Teen Engineer Develops A Braille Printer out of LEGOs by Robert Kingett

San Francisco — One of the greatest challenges for lowering the cost of printed braille is making braille printers affordable to everyone. A 7th grader, though, has made a solution that may eradicate this problem entirely.
According to reports from the World Health Organization, there are estimated 285 million visually impaired people worldwide, 90 percent of which live in developing countries. Many of these blind people don't have immediate access to an embosser due to the cost of the devices, but that is changing with the mind of a young engineer with big dreams.
Shubham Banerjee, a San Francisco Bay Area 7th grader, received recognition for a revolutionary project on behalf of the California State Assembly for his groundbreaking contribution to the lives of the blind and the visually impaired. The invention is a braille printer that is made entirely out of LEGOs called BRAIGO.
Using LEGO's Mindstorms EV3 kit and some parts from a hardware store, Banerjee came up with a way to make a braille printer that will give braille access to people who are blind and visually impaired like never before. The Lego kit cost $349; the hardware from Home Depot cost another $5. The project uses the base reference model known as Banner Print3r and was redesigned with new software to print the letters A-Z.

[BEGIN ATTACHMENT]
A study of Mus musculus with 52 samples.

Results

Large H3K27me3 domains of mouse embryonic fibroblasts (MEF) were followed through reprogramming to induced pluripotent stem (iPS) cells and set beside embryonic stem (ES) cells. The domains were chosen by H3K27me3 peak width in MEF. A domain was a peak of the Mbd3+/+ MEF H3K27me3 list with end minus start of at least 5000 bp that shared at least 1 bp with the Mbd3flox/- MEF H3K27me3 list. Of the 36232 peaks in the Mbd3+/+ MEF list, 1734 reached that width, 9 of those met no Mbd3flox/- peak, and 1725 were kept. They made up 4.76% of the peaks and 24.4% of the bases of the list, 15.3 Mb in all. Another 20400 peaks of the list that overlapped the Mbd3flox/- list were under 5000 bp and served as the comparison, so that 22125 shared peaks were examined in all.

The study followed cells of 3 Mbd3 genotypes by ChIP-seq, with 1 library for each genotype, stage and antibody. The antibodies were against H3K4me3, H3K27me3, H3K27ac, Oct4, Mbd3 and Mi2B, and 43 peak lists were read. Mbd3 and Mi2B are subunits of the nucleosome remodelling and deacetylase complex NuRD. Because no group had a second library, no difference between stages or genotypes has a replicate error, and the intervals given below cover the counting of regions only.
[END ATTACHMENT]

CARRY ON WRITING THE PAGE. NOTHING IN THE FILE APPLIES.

“A flyer came to our house that said help the visually impaired with donations,” Banerjee reflected in an interview. “I didn't know how blind people read so I asked my dad how they read. He told me to Google it. I did, and I saw braille printers cost about $2,000 or even more, and I felt that was very expensive, so I wanted to create something to help lower that cost.”
He began working on the project just before his local science show, often staying up until 2 a.m. to construct the hardware and the software. When he finished the initial prototype he presented it to his science show, where he astonished the crowd. Soon afterward, many awards arose for his successful accomplishment as well.
Banerjee wishes to make this project open source, with the design and software readily available for public consumption free of charge. “I want to give away the design and code for free, so that anyone can take the idea and develop the concept further,” he added.
It is possible for someone to take the open-sourced design and develop it further.  This model doesn't print thousands of words very quickly as in typical embossers. In fact, as illustrated via his YouTube video, the printer only prints a letter every five to seven seconds.
At this point, the printing speed may be too slow for many applications as well as different situations where the need for braille is time-sensitive, but the cost will hopefully open the doors to more of the blind having access to braille around the world. It will be fascinating to see how this project progresses.